Faculty of Education
School of Exercise Science,
Physical and Health Education
PE 142 Human Wellness and Potential
Course Notes - Chapter 3
Hales, Dianne and Lauzon, Lara (2007).
An Invitation to Health,
First Canadian Edition.
Toronto: Thomson Nelson.
Young adulthood - the years from the late teens to the mid-twenties - is a time
when many serious disorders, including bipolar illness (manic depression) and
schizophrenia, often develop.
The saddest fact is not that so many feel so bad, but that so few realize they can
feel better. Only one of every five men and women who could use treatment ever
seeks help. Yet 80 to 90 per cent of those treated for psychological problems
recover, most within a few months.
What Is Psychological Health?
Psychological health encompasses both our emotional and mental states -
that is, our feelings and our thoughts.
generally refers to feelings and moods.
describes our ability to perceive reality as it is, to
respond to its challenges, and to develop rational strategies for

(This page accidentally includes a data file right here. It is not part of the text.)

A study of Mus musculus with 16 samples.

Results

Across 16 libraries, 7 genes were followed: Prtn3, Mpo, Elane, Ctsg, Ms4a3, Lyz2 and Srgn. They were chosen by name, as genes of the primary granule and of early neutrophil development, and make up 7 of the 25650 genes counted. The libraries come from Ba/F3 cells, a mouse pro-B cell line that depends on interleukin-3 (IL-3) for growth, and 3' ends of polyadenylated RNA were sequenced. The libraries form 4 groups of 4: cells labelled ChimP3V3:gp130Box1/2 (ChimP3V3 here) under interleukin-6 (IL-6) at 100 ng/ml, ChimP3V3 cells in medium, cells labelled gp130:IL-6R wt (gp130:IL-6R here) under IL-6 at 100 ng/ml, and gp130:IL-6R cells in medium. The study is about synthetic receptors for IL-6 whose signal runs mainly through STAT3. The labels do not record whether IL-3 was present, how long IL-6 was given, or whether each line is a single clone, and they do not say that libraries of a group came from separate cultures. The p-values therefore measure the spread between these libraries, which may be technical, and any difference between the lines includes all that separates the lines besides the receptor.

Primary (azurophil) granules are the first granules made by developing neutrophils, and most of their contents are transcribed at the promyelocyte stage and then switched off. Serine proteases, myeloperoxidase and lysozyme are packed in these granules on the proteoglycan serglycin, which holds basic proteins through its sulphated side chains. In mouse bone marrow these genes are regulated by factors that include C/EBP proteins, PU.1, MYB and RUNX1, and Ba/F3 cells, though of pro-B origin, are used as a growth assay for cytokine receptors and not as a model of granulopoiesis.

involves our ability to identify our basic purpose in
life and to experience the fulfillment of achieving our full potential.
also helps to define psychological health. Cultural rituals
help to reinforce the values and beliefs people share.
Emotional Intelligence –
Psychologist Daniel Goleman identifies five components of emotional
intelligence (sometimes called emotional quotient or EQ): self-
awareness, altruism, personal motivation, empathy, and the ability to
love and be loved by friends, partners, and family members.
How Can I Lead a Fulfilling Life?
and resilient people are less likely to suffer from mental disorders
and more likely to lead happy, productive lives.
Knowing Your Needs
According to Maslow - we must satisfy basic physiological needs first. Then
can we pursue fulfillment of our higher needs - for safety and security, love
and affection, and self-esteem.
According to Maslow, few individuals reach the state of
which one functions at the highest possible level and derives the greatest
possible satisfaction from life. (See Figure 3-1.)